Research isn't something you do once when you start your business or a marketing campaign, you must be willing to constantly be researching three things.
Marketing is a systematic procedure, a process that can be built and repeated for great results. The best way to get the most from this process is with data. You must know exactly who your target audience is, what they're looking for, and where they're looking, in order to put yourself in the best position to achieve your marketing goals.
There are three forms of research you need to conduct regularly to ensure you're on top of your game.
1. Keyword Research. Using the Google Keyword Tool for keyword research is crucial if you want a content marketing plan that boosts your SEO. You can use initial keyword research to define your content calendar, boost your website copy, and even begin a great PPC campaign. Doing keyword research regularly will boost your understanding of the search landscape.
Regularly checking up on keywords also allows you to make subtle adjustments to your marketing strategy as the year goes on. You may be able to notice a quick spike in search traffic before your competitors, meaning you'll be able to jump on it and stake your claim before competition rises.
You will also want to keep an eye on your rankings in your desired keywords. There are hundreds of factors to your keyword rankings, and they can occasionally fluctuate. You'll want to keep an eye on your rankings just to make sure they don't drop rapidly. If they do, there might be an issue you need to investigate.
2. Competitive Research. While competitive research is an important early task in your marketing plan, you'll also want to keep an eye out for any changes.
Don't let your competitors start a new tactic without you knowing. Their strategy won't be as strong as yours, of course, but watch what they're doing with an eye toward analyzing effectiveness. If your competitors are doing something successful, maybe you should consider following in their footsteps. If they are wasting their time and money, learn the lesson and steer clear.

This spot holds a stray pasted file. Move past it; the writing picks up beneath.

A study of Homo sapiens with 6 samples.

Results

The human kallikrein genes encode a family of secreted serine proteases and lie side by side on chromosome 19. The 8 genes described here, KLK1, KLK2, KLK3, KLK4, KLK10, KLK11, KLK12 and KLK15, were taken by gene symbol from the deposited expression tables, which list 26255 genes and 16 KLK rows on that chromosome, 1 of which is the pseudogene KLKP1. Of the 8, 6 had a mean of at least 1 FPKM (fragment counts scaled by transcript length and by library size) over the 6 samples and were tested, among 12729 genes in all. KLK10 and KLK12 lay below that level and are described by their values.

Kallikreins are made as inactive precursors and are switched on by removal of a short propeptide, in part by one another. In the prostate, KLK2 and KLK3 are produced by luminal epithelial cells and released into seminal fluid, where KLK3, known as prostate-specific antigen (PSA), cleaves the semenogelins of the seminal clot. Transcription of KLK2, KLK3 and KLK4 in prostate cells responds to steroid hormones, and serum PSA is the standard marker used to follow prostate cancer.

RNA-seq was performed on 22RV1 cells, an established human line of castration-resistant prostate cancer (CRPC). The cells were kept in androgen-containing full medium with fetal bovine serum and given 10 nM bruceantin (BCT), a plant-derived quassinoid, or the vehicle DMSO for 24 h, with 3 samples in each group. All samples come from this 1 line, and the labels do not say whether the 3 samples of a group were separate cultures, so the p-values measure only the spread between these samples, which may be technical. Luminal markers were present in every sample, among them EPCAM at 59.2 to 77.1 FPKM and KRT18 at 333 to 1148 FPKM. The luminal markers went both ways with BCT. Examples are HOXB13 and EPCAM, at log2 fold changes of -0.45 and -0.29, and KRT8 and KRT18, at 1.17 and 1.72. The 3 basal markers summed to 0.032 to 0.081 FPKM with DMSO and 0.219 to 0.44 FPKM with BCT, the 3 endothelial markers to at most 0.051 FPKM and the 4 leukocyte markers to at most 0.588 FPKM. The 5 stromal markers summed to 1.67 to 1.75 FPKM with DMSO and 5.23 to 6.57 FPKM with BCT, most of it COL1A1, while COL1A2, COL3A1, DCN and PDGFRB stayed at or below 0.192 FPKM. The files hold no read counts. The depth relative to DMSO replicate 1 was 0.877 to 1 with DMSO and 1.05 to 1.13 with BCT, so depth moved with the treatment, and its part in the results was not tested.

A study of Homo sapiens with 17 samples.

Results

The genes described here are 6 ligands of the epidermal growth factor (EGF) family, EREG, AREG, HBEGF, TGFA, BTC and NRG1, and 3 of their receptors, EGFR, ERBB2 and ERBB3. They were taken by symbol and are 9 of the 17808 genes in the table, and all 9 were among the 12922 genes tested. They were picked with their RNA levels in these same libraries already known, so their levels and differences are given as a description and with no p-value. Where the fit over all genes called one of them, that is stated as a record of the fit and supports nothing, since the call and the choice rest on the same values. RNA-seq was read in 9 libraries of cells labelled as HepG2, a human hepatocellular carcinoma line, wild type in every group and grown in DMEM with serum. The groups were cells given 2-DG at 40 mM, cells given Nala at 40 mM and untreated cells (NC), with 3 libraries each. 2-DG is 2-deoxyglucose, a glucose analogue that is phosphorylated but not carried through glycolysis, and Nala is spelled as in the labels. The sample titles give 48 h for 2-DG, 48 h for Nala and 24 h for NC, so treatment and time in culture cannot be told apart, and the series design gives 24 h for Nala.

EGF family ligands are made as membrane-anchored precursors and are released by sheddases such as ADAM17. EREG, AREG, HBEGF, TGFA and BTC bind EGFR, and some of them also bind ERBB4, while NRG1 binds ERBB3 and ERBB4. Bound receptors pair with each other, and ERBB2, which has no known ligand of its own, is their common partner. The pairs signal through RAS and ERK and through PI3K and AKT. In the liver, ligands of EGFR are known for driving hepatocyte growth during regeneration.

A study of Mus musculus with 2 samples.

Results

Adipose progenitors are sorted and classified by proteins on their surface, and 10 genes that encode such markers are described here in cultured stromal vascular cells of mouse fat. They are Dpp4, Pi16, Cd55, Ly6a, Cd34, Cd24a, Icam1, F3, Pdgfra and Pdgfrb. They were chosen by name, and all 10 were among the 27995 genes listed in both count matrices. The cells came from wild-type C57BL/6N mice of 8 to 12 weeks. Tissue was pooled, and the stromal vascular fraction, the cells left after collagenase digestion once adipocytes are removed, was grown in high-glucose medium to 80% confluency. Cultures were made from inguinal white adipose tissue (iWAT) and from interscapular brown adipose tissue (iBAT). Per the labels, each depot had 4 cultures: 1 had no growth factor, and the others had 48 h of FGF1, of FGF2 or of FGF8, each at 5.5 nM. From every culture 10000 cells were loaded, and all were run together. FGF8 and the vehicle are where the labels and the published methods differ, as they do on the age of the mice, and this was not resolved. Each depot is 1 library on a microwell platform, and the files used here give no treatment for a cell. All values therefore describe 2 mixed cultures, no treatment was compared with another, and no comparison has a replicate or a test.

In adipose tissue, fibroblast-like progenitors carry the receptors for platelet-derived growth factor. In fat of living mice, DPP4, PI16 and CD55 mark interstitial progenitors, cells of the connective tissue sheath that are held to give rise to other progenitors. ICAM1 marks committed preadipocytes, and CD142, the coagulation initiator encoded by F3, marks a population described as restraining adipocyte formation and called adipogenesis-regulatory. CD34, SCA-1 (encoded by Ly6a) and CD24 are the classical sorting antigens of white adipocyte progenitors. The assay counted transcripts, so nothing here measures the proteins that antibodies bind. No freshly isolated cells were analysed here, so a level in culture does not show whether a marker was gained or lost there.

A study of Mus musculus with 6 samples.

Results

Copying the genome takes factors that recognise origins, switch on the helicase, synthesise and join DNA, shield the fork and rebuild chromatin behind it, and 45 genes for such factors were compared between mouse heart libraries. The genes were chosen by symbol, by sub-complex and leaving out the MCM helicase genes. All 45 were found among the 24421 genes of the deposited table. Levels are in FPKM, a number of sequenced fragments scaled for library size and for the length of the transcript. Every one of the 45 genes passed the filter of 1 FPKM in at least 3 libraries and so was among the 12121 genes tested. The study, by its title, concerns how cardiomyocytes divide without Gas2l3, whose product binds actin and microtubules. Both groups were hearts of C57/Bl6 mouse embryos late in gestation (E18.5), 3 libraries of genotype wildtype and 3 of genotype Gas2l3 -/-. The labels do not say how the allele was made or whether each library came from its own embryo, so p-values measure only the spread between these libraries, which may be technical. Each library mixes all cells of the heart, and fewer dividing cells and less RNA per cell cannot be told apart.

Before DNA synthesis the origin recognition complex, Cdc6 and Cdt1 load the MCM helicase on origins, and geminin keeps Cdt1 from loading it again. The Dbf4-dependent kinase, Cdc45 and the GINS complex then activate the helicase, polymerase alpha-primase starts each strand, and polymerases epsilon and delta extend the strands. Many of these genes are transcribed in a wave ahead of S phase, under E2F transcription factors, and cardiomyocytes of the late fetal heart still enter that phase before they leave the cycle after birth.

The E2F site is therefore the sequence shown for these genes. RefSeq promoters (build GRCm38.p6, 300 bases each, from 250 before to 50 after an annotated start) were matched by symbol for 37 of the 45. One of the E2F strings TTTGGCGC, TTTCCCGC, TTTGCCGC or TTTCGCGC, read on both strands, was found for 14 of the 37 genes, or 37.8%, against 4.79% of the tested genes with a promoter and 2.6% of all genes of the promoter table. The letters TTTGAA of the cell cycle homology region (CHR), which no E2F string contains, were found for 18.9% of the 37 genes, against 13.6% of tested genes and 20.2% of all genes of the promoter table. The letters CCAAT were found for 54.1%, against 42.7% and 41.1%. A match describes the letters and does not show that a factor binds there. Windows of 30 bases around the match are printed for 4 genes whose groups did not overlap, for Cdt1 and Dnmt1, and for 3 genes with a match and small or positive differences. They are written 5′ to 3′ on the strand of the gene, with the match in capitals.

I recommend using a competitive research tool like RivalIQ for this, but if you want to do it the old-fashioned way, be sure to follow/like your competitors' social media pages, and get on all of their emailing lists.
3. Net Promoter Score. Your Net Promoter Score (NPS) is the percentage of your customers that promote your business. Think of it as a form of customer satisfaction survey.
The happier your customers, the more likely you are to earn referrals, repeat business, and positive reviews. You can discover your NPS by sending regular customer satisfaction surveys using a tool such as Delighted or Grade.us. You'll want to regularly follow up on these, just in case there's an unhappy customer, because you will want to immediately address their concerns.
Research is not a do-it-once-and-forget-it task. It's up to you to keep researching in order to stay on top of your game.
This article originally appeared on Inc.